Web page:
Research Project: Sustainable Intensification of Integrated Crop-Pasture-Livestock Systems in Northeastern Landscapes

Location: Pasture Systems & Watershed Management Research

Title: Effect of alfalfa- or red clover-grass mixtures on dietary energy utilization in lactating dairy cows

item LANGE, MAICHAL - Universidade Federal De Rondonia
item SILVA, LUIZ - University Of New Hampshire
item Soder, Kathy
item ZAMBON, MAXIMILIANE - Universidade Federal De Rondonia
item BRITO, ANDRE - University Of New Hampshire

Submitted to: American Dairy Science Association Proceedings
Publication Type: Abstract Only
Publication Acceptance Date: 3/20/2022
Publication Date: 7/15/2022
Citation: Lange, M.J., Silva, L.H., Soder, K.J., Zambon, M.A., Brito, A. 2022. Effect of alfalfa- or red clover-grass mixtures on dietary energy utilization in lactating dairy cows[abstract]. American Dairy Science Association Proceedings. Pg 1.

Interpretive Summary: No Interpretive Summary is required for this Abstract Only. JLB.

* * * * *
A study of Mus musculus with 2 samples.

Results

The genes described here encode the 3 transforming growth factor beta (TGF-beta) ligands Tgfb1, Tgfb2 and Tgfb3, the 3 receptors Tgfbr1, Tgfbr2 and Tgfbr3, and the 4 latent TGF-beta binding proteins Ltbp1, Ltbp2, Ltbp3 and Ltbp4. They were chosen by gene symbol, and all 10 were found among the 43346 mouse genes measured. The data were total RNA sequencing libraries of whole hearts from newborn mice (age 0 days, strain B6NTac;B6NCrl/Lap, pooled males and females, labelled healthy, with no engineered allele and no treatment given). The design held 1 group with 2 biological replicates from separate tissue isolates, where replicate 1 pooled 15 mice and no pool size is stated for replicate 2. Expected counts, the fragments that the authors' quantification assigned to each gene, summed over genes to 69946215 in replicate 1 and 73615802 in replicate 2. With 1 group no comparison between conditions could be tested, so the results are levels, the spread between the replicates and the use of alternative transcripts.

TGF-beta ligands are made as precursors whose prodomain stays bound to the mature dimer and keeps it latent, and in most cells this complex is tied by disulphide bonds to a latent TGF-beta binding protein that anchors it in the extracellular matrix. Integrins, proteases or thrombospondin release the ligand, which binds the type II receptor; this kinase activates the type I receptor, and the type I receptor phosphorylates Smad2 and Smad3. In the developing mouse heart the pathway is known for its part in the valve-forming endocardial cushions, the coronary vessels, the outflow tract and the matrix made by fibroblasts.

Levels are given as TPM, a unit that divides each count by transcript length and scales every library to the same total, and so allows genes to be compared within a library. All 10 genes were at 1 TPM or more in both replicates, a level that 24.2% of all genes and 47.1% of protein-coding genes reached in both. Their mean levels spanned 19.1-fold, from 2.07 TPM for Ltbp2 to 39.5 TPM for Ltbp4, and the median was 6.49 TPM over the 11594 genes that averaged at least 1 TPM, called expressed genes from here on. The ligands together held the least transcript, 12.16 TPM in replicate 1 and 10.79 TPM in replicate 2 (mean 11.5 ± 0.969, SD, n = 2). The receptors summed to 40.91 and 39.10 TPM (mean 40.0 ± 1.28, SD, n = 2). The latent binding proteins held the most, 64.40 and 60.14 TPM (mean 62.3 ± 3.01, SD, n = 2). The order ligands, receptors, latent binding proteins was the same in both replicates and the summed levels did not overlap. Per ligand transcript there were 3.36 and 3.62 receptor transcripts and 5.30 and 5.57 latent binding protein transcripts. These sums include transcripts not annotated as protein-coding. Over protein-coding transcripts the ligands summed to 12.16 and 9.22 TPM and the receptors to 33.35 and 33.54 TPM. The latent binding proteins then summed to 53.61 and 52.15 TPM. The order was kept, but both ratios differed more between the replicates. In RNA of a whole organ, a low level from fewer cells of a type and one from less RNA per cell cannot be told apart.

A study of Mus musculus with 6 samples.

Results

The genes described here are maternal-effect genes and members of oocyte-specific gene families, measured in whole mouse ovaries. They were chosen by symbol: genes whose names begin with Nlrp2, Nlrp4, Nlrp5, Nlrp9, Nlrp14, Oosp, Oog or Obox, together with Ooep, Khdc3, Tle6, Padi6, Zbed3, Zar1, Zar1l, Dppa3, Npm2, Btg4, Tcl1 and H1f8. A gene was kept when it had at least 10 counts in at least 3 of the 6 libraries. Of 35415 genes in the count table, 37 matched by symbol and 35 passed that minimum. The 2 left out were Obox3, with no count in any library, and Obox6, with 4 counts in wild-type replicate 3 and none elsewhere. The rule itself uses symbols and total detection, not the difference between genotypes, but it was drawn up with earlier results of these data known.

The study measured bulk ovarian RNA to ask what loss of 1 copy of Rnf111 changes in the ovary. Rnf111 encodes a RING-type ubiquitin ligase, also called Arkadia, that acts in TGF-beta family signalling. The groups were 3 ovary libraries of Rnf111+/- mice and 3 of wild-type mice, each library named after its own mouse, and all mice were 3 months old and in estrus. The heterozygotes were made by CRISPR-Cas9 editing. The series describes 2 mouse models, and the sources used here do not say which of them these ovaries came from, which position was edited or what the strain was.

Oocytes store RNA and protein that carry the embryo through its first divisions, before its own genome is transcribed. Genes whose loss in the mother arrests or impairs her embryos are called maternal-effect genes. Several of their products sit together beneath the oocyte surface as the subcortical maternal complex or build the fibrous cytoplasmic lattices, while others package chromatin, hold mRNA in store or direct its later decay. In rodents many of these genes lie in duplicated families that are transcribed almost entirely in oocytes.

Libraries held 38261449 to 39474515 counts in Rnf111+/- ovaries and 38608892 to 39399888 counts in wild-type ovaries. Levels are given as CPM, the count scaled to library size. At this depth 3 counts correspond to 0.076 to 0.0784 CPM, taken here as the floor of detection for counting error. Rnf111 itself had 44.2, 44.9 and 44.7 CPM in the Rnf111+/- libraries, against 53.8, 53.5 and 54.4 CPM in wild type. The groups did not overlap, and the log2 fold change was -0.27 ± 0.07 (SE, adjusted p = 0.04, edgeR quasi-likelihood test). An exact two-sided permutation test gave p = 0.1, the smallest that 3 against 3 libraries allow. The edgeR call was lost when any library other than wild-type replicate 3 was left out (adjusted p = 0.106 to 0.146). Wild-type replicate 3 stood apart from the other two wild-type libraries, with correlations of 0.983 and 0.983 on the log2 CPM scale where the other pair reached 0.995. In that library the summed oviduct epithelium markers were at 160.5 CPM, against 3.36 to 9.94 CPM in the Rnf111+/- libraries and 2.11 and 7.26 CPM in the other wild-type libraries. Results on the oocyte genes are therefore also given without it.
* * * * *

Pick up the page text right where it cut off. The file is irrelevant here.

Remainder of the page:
Technical Abstract: Eighteen multiparous and 2 primiparous mid-lactation organic certified Jersey cows were blocked in pairs by DIM or parity and, within pair, assigned to treatments in a randomized complete block design to investigate the effects of legume-grass mixtures on dietary energy utilization. Forages were harvested as baleage, with diets fed as TMR. The botanical composition (DM basis) of second-cut alfalfa-grass (ALF-G) or red clover-grass (RC-G) swards averaged 65 vs. 80% legume, 17 vs. 15% grasses, and 18 vs. 5% weeds, and that of third-cut ALF-G or RC-G averaged 84 vs. 96.5% legume, 3 vs. 2.3% grasses, and 13 vs. 1.2% weeds, respectively. Diets contained (DM basis) 65% second- and third-cut ALF-G or RC-G (32.5% of each cut) and 35% concentrate. The study lasted 9 wk (2-wk covariate) with data and sample collection done at wk 4 and 7. Methane production was measured with a GreenFeed unit. Fecal grab and spot urinary samples were collected at 5 different time points over 3 d. Feeds and feces were analyzed for gross energy (GE) with a bomb calorimeter. Urinary energy, tissue energy, and heat production (HP) were estimated using published equations. Intake of GE, digestible energy (DE), metabolizable energy (ME), and NEL did not differ (P = 0.63) and averaged 93.2, 60.8, 53.5, and 45.7 Mcal/d, respectively. In contrast, fecal energy (35.5 vs. 29.4 Mcal/d) and milk energy (19.7 vs. 18.5 Mcal/d) decreased (P = 0.04) with feeding RC-G vs. ALF-G. Diet by week interactions were observed for urinary energy (P = 0.05) and methane energy (P = 0.03), and trends for HP (P = 0.10) and tissue energy (P = 0.06). Urinary energy, methane energy, and HP decreased during wk 4 in cows fed RC-GR but did no change in wk 7. Tissue energy increased in the RC-G diet in wk 4 and was similar in wk 7. Interactions (P = 0.05) were found for efficiency of energy utilization expressed as ME/DE, milk energy/ME, and HP/ME. During wk 4, ME/DE increased and milk energy/ME and HP/ME decreased with feeding RC-G vs. ALF-G, with no effect of diet in wk 7. Overall, despite similar energy intake, energy utilization and efficiency were affected by diets, particularly during wk 4.